Lisa Okonji is getting behind the annual Asda Tickled Pink campaign for Breast Cancer Awareness Month to highlight why it’s so important to regularly check your body for anything unusual.
It's something Lisa, who's 39 and lives in Chelmsford, knows from personal experience. She was moisturising herself after a shower in late 2020 when she felt something that didn't feel right in her breast. She contacted her GP and was referred to a breast clinic where she had a scan, biopsy and mammogram. That same day, she was diagnosed with breast cancer.
After five months of chemotherapy, four weeks of radiotherapy and a mastectomy, Lisa is making a great recovery – and wants to share her personal experience so that anyone who's worried about breast cancer knows they're not alone.
Lisa said: "I think it's important for me to talk about my experience of breast cancer because there are so many people out there who don't talk about it or who go through it on their own. You can often feel alone so I think it's helpful to talk about that experience and share it with others.
"Cancer can hide itself in different ways. Sometimes you might not feel a lump – you might just notice changes to how your breast looks – in your own space and time put aside that awkwardness, to check.
“It's important to get any changes checked straight away and to insist you're seen in the breast clinic. Not all changes will be breast cancer, but on the occasion it is, the sooner it is diagnosed, the better the chances of treatment being successful."
Lisa says that the support of Breast Cancer Now has been a great help – and that Asda Tickled Pink is a really important platform for raising awareness.
She said: “Breast Cancer Now has supported me and that had helped me to see that there are lots of women like me, lots of people going through the same situations as me.
“I think partnerships like Tickled Pink are really important. I initially struggled to find bras before the mastectomy, in preparation for the operation. The recommended bras online were very expensive and because I was having both a mastectomy and reduction, I didn’t know what size I was going to be after the operation. I knew I would have smaller breasts than I did, and I knew I may need additional space to account for swelling. I tried different stores and couldn’t find anything.
“I went into the Asda in Chelmsford and as soon as saw the George bra collection with a pink ribbon on them, I knew they were the ones I had to have for post-surgery. It was a really strong bra for me and ever since I have had the mastectomy, I have bought bras from Asda – they're amazing!
"With the diagnosis you notice the ribbons and anything breast-related. I remember seeing there were two puddings shaped like breasts in Asda with a message about checking yourself, so I was like 'this is amazing!' It opened my eyes to a different side of Asda."
Lisa, who's married to Seun and has three children – Shaunna, 21, Josia, 11, and five-year-old Angel – says the love and support of her family was so important after her diagnosis.
She said: “My husband was amazing, and my eldest daughter was brilliant. She was 18 at the time and was really helpful and it was nice to have another woman in the house. You know what, my dogs helped me get through it too. One of them in particular would come in every morning and check how I was.
“It was really difficult to explain to Angel but the hospital gave me a really good book called Mummy’s Lump. It was so useful because I didn’t know what I was going to say to my children.”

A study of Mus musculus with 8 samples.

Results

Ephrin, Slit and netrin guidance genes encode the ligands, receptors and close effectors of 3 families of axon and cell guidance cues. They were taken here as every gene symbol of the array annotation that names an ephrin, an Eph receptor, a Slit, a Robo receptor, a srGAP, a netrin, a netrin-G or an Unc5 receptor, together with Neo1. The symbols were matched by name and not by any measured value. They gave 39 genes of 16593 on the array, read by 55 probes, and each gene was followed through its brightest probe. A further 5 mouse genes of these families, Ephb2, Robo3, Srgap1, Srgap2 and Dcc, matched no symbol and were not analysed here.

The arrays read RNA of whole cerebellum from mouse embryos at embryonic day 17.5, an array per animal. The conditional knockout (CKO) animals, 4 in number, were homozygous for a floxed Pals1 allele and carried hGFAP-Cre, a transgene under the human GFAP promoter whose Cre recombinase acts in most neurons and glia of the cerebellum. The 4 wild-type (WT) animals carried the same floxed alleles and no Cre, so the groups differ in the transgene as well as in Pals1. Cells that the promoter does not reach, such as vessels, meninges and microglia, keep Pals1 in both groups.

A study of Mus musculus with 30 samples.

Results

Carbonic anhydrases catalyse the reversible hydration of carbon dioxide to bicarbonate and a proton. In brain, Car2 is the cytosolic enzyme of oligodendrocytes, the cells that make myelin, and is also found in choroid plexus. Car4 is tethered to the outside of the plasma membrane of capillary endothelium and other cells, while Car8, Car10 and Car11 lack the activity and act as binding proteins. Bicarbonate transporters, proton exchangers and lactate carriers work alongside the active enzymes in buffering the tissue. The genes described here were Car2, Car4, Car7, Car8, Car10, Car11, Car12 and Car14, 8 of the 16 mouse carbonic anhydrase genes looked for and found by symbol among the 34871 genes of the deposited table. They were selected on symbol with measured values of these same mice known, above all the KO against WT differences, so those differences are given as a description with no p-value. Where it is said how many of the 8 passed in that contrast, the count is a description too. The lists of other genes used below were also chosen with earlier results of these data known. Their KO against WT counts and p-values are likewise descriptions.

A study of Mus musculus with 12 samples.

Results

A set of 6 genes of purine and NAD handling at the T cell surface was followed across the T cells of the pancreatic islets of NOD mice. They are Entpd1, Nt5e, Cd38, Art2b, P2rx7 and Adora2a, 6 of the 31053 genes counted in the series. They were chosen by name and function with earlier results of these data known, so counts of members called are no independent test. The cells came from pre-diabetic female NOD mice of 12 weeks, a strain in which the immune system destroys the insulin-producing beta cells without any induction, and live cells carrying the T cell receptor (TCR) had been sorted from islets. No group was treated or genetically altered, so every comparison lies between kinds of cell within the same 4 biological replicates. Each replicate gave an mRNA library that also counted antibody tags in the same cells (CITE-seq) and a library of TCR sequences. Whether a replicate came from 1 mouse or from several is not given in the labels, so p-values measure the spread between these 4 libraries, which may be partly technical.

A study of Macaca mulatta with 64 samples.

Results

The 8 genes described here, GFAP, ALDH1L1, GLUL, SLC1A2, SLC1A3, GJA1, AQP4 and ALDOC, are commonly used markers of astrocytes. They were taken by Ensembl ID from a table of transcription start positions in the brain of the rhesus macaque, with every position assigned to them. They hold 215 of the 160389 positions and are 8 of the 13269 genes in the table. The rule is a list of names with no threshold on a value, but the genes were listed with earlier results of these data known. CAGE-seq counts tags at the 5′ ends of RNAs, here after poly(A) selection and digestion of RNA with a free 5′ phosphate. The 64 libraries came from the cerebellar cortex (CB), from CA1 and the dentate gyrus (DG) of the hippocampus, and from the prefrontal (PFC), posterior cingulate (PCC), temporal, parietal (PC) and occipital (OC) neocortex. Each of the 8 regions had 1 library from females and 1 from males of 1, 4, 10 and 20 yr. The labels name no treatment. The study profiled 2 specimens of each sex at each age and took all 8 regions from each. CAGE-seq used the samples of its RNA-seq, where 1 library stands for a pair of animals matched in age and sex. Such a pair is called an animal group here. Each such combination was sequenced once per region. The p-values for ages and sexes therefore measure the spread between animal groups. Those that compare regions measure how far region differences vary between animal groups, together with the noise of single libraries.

Lisa, who was treated at Broomfield Hospital in Chelmsford, advises anyone who doesn’t feel confident about checking their breasts to seek out information from Asda Tickled Pink charity partners Breast Cancer Now and CoppaFeel! to help them get over any uneasiness they have.
"The Asda Tickled Pink campaign is brilliant because it reaches people who are frightened, who don't turn up to their mammograms because they're worried about what they might find. We have to change that. There are some people who are fearless and there are some people who are burying their heads in the sand, so it's important to say to all people to check yourself and, if you find anything, you can get treatment, you can live beyond breast cancer.
"You are not on your own, there are so many people who have been through it and are still here today. Don't be embarrassed to talk about situations like this."
Lisa, who works as a foster service manager, also feels it's important to share her experience to raise awareness of breast cancer among black women.
She said: "Before my own diagnosis one of the things I didn't know about breast cancer was just how many people from black and global majority populations are diagnosed with breast cancer. A lot of the pictures I used to see were of white women and I never saw any images of black women in the publications I was given, especially images of black women who had had a mastectomy.
"I think it’s something that people from our communities don’t talk about for a variety of reasons. That could be embarrassment, but when it comes to cancer we are all the same. Cancer doesn't look for a specific type of person – it could happen to anyone. It could be you, it could be me, it could be your mum, it could be your aunty. We are all in this together."
The Real Self-Checkers like Lisa have shared their story and images to be displayed in-store, to be seen by millions of Asda shoppers this Breast Cancer Awareness Month.
Now in its 27th year, Asda Tickled Pink is one of the UK’s longest running corporate charity partnerships and aims to raise awareness and funds for breast cancer charity partners Breast Cancer Now and CoppaFeel!. The 2023 Tickled Pink range will see over 200 pink products from over 50 different suppliers hit the supermarket shelves, and online, including the George clothing range and Asda own label lines.